History of West Australia/Frederick William Moorhead


Frederick William Moorhead HOFWA.jpg
Photo by
Greenham & Evans.

HAPPY is it for the Australian colonies that they have men in their midst of high old world training in professions. These men possess the best educations which famous universities can give—educations embracing the aggregation of the knowledge of the past, imparting the necessary, allowing the unworthy to sink into deserved oblivion. Socrates, in his Athenian garden, taught the eager young, who drank deep of the inspiring, intellectual draughts of consummate wisdom, which flowed like heavenly nectar from between his lips. His work is perpetuated in the universities of to-day. At the feet of great professors sit the young men learning lessons which are the outcome of centuries of research. Enter the university, the anxious students; exit, men prepared with the means of fighting with their fellows in life's battle.

They leave these great halls of learning and insinuate themselves into the professions, and have their studies materialised by practice. Some of them attained status in the old countries, and then, either through ill-health, or the desire to leave old encrusted institutions in which was little apparent hope, they came to the sunshiny broad fields of Australia. Freed from the trammels of an ancient civilisation, they now breathe easily, and live with the conviction that their labours may not be in vain, and know that hope and regeneration are the basis of all toil. Their work here may influence the destinies of a growing civilisation.

Such was probably the case with Mr. F. W. Moorhead, B.A., LL.B Educated at an ancient university, he gained an honourable position at the Irish Bar. Ultimately he left the old world, and took up his residence in Western Australia.

Frederick William Moorhead was born in King's County, Ireland, in 1863. The first educational establishment he attended was the Jesuit College of St. Stanislaus, whence he went to the Dublin University. He entered at Trinity College, and there had a brilliant university career. After earnest attention to his studies for some years, in 1885 he attained the B.A. and LL.B. degrees. In the same year he carried off the gold medal for oratory in the Philosophical Society, and the gold medal in the Historical Society. He was moderator in Logic and Philosophy, and medallist with his degree. This is a worthy record, and it proved that Mr. Moorhead was at least able to hold his own in the universities. The more practical outcome of his studies was yet to be evidenced. He now determined to qualify for the Irish Bar, and studied with that end in view. On the 8th June, 1887, he was called.

Then followed two years' anxious practice, and Mr. Moorhead made his way in the legal profession. He chose the Western Circuit, or what is known as the Connaught Bar, as the most promising for his energies, and was there connected with some notable cases. Chief among them were the important historical cases arising out of the notorious Mitchellstown shooting affray. Several Nationalists were holding a political meeting at Mitchellstown in 1888, when a posse of police, in order to disperse the gathering, fired upon them and killed several men. Much political capital was made out of the affair. An inquest was held, and Mr. Moorhead was retained as counsel for several of the Nationalists. During his career at the Irish Bar, it was seen that he possessed certain gifts of oratory. He was an earnest pleader, and presented his briefs as only his countrymen can present them.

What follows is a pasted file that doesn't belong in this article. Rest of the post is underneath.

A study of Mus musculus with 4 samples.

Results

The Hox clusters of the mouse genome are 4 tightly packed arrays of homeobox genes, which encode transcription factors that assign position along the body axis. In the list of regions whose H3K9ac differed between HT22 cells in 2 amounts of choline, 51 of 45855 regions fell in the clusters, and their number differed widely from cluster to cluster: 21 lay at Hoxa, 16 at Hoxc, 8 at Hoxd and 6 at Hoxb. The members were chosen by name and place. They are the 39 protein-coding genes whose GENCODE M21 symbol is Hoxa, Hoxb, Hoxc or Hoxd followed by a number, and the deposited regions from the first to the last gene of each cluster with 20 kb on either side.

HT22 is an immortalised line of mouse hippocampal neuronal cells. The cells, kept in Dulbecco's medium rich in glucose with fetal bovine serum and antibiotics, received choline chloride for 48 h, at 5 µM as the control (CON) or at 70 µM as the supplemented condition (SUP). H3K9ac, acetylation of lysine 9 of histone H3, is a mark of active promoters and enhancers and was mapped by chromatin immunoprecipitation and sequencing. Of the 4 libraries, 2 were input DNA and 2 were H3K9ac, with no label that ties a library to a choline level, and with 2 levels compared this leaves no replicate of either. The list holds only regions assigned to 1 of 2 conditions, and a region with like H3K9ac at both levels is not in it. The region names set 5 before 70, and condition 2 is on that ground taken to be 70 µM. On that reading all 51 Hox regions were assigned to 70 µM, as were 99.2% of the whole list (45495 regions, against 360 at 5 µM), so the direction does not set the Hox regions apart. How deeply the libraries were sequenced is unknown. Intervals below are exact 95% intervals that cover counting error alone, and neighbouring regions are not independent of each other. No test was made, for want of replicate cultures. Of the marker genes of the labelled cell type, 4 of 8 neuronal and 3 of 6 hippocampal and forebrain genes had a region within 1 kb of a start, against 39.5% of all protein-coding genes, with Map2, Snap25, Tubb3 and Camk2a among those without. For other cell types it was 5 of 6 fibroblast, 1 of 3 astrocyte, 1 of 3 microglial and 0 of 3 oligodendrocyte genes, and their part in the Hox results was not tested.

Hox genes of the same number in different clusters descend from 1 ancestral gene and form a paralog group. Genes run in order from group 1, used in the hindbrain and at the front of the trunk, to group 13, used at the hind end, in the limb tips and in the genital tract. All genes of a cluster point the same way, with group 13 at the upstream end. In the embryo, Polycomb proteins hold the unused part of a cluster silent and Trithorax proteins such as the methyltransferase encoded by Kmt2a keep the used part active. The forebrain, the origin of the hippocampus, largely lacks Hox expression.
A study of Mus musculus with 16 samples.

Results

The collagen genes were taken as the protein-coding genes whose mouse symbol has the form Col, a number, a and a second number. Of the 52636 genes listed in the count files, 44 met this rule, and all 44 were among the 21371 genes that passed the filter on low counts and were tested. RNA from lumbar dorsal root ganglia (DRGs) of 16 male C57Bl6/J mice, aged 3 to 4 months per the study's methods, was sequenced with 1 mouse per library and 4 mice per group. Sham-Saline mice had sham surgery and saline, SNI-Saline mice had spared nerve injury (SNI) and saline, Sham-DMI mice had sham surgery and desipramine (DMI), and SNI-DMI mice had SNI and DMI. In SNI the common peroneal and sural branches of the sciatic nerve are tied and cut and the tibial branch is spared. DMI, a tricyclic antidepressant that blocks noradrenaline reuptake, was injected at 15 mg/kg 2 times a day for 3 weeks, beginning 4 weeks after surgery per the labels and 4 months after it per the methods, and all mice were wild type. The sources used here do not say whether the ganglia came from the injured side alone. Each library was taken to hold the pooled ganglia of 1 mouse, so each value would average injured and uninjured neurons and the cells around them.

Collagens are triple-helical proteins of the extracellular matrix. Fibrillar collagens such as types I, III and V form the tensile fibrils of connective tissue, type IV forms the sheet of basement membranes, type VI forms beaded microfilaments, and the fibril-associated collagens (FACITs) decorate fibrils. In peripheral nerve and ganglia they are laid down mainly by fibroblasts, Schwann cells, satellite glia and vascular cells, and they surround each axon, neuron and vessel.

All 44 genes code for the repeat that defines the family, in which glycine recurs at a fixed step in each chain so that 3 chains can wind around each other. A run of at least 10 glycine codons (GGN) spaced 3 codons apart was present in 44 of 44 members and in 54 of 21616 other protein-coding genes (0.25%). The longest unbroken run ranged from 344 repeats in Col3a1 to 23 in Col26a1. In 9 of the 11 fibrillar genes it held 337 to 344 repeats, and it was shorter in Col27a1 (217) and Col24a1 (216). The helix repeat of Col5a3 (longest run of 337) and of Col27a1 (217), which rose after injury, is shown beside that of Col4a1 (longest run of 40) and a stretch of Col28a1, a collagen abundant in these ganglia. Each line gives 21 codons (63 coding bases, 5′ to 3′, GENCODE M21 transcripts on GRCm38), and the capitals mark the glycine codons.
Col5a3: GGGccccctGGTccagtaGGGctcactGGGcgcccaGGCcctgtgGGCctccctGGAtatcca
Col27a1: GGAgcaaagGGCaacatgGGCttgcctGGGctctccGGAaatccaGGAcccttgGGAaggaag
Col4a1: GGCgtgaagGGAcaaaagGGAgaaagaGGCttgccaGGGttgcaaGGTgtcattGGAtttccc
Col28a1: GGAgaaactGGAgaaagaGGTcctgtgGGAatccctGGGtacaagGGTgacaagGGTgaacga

In June, 1889, Mr. Moorhead left his native land to begin practice in Western Australia. He believed that here was greater opening for his energies, and he did not take long in attaining some notability. After fulfilling the necessary six months' qualification, he was admitted to the Western Australian Bar on 9th February, 1890. His success in the first few cases established his name, and the firm of Moorhead and Northoe, of which he is a member, has now an extensive connection. In civil, criminal, or common law, Mr. Moorhead has been retained in numbers of important cases heard before the chief courts of the colony. His legal knowledge is extensive, and his forensic talents are great. Some of his addresses to the courts have been impassioned and marked with oratorical powers. In 1893, he was appointed City Solicitor to Perth, and he is also solicitor to the Citizens' Life Association, besides several large mining companies.

Although he has been resident in the colony but a few years, Mr. Moorhead has already taken some part in public matters. At the general elections for the first House Assembly, in 1890, he was requisitioned and constantly pressed to stand for the Geraldton constituency. He eventually acquiesced with the wishes of his friends, but on polling-day was defeated eleven votes. For such a new arrival in the colony this was a remarkable testimony to his ability. He subsequently contested a seat in the Legislative Council against an old tried popular politician, and was again unfortunately defeated, on this occasion by seven votes. It is greatly to be hoped that local Parliaments will not be long without the services of one who is bound to be of much value to the colony. At present Mr. Moorhead is a member of the Perth Colonial Hospital Board, of the Central Board of Health, and also of that Imperial institution, the Aborigines Protection Board. He married Amy, third daughter of the late Hon. J. H. Monger, a leading West Australian politician.

In conclusion, Mr. Moorhead has the eye of a keen lawyer; he is a clever cross-examiner, has a studious air, and is both amiable and courteous. His analytical mind and wide knowledge enable him to grasp the essentials in Australian aspirations, and the applied energies of a man of his qualities should strongly influence the progress of local institutions.